Nzanmongi Jasmine Patton’s book, A Girl Swallowed By A Tree: Lotha Naga Tales Retold, is a collection of thirty folk tales from the Lotha tribe (or indigenous community) of Nagaland. In her introduction to the book, Patton writes: “Nagaland is one place in North East India where orality is still very relevant as well as significant. Like their counterparts among the African and Native Americans, Nagas also made sense of the vast universe around them through storytelling, as a way of keeping their culture and ipseity alive…Nagaland is among the most heterogeneous [states] in the North East, housing more than sixteen tribes…Every tribe has its unique collection of stories, concurring at many points, yet somehow different in complex ways as becomes evident with each retelling.”

Though the sub-title of this book is “Lotha Naga Tales Retold”, Patton has called this book a “translation project” because, in the process of re-telling them yet one more time, she has translated the stories from Lotha to English. Patton, who is from the Lotha community herself and is an academic at the University of Delhi, was “jolted out of [her] mundane Mondays” by “chance epiphanies” that reminded her that the “invaluable treasured legacy [of storytelling] was dying”.

Since the Lotha “do not have a written history” and the “ignorance and disinterest” of the young generation and the “fast depleting oral culture” worried her, Patton translated these stories in order to preserve them. However, this might not be the first effort to document Lotha folk tales. A comment on a Facebook post informed me that 78 Lotha folk tales were compiled in English by an author named Francis Kikon whose collection, Moonlight Tales and Fables of the Kyong Nagas (the Lotha call themselves Kyong), was published locally in Nagaland in the year 2013.

Social norms with patriarchy

The stories in Patton’s collection are simple and can be read by both adults as well as younger readers. The themes vary. Some stories are for entertainment, while others have lessons and morals.

The focus of the stories is on the social life in a Lotha village and the relationship of humans with forests, trees, and animals. The title of the collection has been derived from the story, “The Tale of the Fortunate Sister”, in which two orphan sisters go to a forest and one of them climbs a tree to pluck flowers from it. The tree, angry that a human “had trespassed its space without seeking its permission”, starts swallowing the girl.

“Arilao”, the first story in the collection, reminded me to an extent of Easterine Kire’s novel, Son of the Thundercloud. (Kire has written the foreword to this book.) In Kire’s novel, the Son of the Thundercloud is a brave and virtuous young man who is killed treacherously by his envious friend. Here, Arilao, the protagonist, is a charismatic young man who is killed by the other young men of his village who were envious of his looks and hunting ability.

How words travel from one language to the other can also be seen in this story. There is a word, “baanti”, meaning a bowl, used for Arilao’s haircut. “[Arilao] had short hair, cut just above his ear in what was known as the baanti cut.” Baanti is not a Lotha word but is supposed to have come into the Lotha vocabulary from the Assamese. Or take the word Ayo. Arilao tells his mother, “Ayo, I am going out for fishing with the young men of the village.” Ayo here means mother, and ayo is also the word for mother in my mother tongue, Santhali. This made me wonder about the roots of the languages.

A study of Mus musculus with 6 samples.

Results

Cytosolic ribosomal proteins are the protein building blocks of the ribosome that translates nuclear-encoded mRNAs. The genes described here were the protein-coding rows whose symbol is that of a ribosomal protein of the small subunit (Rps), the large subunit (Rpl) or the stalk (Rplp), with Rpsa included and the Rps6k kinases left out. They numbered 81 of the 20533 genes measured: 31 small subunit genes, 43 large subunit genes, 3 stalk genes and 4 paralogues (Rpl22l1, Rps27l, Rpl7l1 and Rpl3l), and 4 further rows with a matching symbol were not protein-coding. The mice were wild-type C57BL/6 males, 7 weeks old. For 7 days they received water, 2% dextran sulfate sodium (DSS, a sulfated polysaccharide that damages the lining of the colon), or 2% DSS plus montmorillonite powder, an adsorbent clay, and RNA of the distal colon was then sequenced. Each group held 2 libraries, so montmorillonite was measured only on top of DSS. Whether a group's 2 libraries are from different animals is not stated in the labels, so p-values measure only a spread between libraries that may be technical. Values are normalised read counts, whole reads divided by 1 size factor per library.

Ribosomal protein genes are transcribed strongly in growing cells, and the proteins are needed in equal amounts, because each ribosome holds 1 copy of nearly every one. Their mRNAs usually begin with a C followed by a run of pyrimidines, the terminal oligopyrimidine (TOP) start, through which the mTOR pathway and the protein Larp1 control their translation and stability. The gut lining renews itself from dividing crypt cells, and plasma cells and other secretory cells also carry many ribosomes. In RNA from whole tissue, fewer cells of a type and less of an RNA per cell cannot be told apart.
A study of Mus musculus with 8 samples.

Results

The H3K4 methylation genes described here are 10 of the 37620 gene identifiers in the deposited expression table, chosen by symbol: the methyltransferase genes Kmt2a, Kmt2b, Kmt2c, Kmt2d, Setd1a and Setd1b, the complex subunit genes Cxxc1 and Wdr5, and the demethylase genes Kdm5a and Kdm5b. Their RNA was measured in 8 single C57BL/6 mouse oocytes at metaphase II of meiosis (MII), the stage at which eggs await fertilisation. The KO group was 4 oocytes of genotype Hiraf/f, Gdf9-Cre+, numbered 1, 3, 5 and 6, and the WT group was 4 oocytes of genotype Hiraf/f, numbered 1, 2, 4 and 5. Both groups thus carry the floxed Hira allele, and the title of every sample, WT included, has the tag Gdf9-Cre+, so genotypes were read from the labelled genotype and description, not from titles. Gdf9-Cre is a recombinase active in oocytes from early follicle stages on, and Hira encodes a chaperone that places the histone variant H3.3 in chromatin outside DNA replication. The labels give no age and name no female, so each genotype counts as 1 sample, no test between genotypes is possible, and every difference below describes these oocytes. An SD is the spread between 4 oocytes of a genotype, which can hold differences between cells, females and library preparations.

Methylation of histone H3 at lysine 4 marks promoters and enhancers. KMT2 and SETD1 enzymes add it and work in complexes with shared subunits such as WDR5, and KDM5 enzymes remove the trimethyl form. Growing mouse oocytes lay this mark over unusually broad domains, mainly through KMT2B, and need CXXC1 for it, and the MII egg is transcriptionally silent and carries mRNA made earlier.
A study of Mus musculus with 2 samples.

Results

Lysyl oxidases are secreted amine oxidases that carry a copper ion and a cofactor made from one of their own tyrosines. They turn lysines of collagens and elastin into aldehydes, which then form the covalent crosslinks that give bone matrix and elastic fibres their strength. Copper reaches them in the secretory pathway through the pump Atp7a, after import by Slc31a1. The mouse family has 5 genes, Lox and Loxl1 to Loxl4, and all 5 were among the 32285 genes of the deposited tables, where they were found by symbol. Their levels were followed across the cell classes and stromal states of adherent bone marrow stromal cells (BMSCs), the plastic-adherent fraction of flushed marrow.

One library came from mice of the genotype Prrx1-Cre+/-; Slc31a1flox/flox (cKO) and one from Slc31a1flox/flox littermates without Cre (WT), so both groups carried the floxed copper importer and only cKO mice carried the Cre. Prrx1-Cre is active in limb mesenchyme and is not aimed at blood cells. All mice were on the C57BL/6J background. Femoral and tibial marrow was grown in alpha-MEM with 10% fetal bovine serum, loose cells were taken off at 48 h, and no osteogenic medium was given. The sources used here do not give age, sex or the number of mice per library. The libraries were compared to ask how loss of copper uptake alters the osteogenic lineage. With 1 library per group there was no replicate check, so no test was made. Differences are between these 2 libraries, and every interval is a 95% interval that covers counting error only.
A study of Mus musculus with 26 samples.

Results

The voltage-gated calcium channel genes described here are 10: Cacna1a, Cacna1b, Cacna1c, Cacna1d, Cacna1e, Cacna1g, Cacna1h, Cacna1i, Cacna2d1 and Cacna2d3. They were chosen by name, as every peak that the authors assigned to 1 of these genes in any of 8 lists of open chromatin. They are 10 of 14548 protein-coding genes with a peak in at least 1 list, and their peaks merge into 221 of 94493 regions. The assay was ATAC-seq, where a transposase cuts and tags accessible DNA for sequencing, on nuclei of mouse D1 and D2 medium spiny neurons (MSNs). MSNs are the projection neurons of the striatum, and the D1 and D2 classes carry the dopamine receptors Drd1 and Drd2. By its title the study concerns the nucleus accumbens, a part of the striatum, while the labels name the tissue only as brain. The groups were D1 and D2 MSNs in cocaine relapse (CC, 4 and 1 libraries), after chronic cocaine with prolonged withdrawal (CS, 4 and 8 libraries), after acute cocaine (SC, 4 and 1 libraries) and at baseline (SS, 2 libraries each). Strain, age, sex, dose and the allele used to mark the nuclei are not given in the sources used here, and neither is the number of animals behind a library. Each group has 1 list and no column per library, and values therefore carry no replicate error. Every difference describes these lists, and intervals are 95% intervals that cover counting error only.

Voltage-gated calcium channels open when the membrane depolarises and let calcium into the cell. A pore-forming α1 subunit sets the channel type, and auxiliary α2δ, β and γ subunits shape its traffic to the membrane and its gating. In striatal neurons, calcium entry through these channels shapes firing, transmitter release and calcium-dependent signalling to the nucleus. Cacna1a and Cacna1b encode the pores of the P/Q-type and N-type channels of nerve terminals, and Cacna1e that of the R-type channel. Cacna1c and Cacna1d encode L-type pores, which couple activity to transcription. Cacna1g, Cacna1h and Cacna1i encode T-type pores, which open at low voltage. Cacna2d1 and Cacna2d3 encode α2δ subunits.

The stories also highlight the patriarchy in the Lotha society. The author mentions the concept of “genna”, which is a public feast hosted by one man for an entire village: a Lotha man’s worth is often measured by the number of feasts he has thrown. Patriarchy casts its shadow, too, on how stepmothers are viewed. In stories like “Rhonthunglo” and “The Legend of how Men became Monkeys”, stepmothers are shown to be unkind and intolerant of children from their husbands’ previous wives.

The people are the stories

Like “Arilao”, most other stories in this collection are named after their lead characters. For instance, there’s “Humchupvuli Eloe”, meaning the married woman of a house, which is the story of a married woman who desires the husband of another woman, or “Ranphan, the Brave”, the story of a young man named Ranphan who fights a tiger who had killed his wife. It is understood that these names were given by Patton herself as, in oral storytelling, folk tales do not usually have titles.

I remember a meme depicting the fact that when fish are caught in a village of indigenous people, they are distributed equally amongst the villagers. In “Longtsarhoni and the Snake Man”, the story of a shape-shifting male snake forcing a human woman named Longtsarhoni to marry him, we see how young boys and girls from a Lotha village go into the forest to gather firewood and then it in the community woodshed.

These stories that Patton has gathered are a window to a culture that perhaps has not been written about often, about (and from) which we can learn a great. They are to be treasured and, as Kire writes in the foreword, “This is a book that should be used like a pathfinder for other books on oral narratives.”

A Girl Swallowed By A Tree: Lotha Naga Tales Retold, Nzanmongi Jasmine Patton, Adivaani.